What constitutes illegal re-entry?

There are several situations in which the court could determine that you re-entered the country illegally. It usually depends on the circumstances under which you left the country.

According to Cornell Law School, most reasons for illegal re-entry are for criminal convictions, but there are a few that are not dependent on a criminal history.

Criminal convictions

Commonly, illegal re-entry will occur if the court removed you from the U.S. because you have a conviction for an aggravated felony. Another scenario is court removal due to specific misdemeanor crimes, including violent crimes or those related to drugs. In that situation, you could face removal for three or more misdemeanors in those categories.

Once the court removes you from the country for these criminal reasons, you cannot re-enter the country. Trying to re-enter would lead to illegal re-entry issues.

Non-criminal reasons

The court may also determine that you are re-entering the country illegally if you had previously tried to come into the country or faced removal for some non-criminal reasons. These include being a danger to yourself or others due to a mental disorder or general behavioral issue. You may also have a ban on re-entry if you have a communicable disease or have an addiction to drugs.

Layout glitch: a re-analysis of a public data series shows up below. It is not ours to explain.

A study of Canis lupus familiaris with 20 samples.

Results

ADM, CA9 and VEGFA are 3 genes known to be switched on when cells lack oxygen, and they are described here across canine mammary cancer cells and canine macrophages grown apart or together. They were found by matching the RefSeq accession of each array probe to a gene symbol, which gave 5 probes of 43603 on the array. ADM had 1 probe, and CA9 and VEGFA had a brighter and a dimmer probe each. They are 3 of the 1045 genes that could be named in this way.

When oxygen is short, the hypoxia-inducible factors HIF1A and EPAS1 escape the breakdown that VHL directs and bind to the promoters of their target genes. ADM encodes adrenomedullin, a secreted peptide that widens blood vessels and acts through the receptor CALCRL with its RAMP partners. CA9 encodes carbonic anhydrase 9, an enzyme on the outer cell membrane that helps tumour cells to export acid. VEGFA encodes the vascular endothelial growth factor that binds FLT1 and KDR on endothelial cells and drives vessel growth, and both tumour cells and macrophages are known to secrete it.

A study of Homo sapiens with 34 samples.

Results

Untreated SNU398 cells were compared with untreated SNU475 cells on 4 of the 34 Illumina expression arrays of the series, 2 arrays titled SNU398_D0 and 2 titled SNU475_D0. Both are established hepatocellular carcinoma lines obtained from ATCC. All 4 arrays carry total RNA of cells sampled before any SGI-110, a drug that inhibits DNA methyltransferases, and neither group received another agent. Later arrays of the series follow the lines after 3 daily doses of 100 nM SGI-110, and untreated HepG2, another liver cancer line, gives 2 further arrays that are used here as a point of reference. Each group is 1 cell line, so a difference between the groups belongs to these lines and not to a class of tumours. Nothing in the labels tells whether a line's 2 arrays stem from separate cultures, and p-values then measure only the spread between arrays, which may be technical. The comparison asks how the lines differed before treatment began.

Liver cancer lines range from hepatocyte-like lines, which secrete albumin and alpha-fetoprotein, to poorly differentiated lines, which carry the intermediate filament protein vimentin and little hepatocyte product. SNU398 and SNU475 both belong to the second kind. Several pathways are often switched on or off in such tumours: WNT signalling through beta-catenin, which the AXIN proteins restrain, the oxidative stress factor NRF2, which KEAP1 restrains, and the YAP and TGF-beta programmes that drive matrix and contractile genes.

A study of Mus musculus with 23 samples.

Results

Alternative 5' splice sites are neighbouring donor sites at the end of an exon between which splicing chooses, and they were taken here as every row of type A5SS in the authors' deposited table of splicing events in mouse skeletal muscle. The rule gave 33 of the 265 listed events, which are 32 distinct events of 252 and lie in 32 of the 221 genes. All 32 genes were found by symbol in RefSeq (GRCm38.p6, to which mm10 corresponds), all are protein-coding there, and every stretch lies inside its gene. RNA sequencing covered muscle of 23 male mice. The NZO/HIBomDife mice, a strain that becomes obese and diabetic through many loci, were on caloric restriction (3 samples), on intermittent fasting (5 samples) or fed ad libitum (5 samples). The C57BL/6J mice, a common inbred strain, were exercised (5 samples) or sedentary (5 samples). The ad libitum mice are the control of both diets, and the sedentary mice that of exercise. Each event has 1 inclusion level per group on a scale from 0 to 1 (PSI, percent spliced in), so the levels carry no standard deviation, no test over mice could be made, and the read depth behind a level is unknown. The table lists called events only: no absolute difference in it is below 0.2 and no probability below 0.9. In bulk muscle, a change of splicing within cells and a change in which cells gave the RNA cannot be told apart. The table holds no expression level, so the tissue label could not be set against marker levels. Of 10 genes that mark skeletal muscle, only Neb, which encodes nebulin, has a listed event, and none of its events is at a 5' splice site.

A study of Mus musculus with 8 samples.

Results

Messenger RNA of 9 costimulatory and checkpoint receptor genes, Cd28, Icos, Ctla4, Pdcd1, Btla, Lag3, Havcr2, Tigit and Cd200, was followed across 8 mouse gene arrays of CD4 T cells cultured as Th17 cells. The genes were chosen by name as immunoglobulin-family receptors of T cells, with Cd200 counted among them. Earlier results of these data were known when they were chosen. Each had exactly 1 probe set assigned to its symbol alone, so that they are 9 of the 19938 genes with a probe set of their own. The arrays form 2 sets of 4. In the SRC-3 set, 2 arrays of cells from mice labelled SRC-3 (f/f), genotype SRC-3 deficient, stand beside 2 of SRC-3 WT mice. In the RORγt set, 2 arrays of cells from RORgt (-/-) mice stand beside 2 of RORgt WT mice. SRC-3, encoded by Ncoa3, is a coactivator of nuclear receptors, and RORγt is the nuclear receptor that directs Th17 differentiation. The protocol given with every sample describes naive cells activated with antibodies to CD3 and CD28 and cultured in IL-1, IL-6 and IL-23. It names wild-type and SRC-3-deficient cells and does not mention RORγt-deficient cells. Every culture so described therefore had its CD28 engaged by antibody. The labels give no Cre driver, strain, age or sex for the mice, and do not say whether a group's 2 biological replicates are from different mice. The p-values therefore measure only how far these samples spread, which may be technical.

Court’s discretion

The court also has some discretion when it comes to staying in the country or illegal re-entry. If the court finds something about you or your situation that would be a threat to the U.S. or to other people -in the country, then it could lead to illegal re-entry. It is important to understand any removal from the U.S. will usually have conditions on it for legal re-entry. You will typically receive notice of any conditions, including when it is illegal to re-enter the U.S.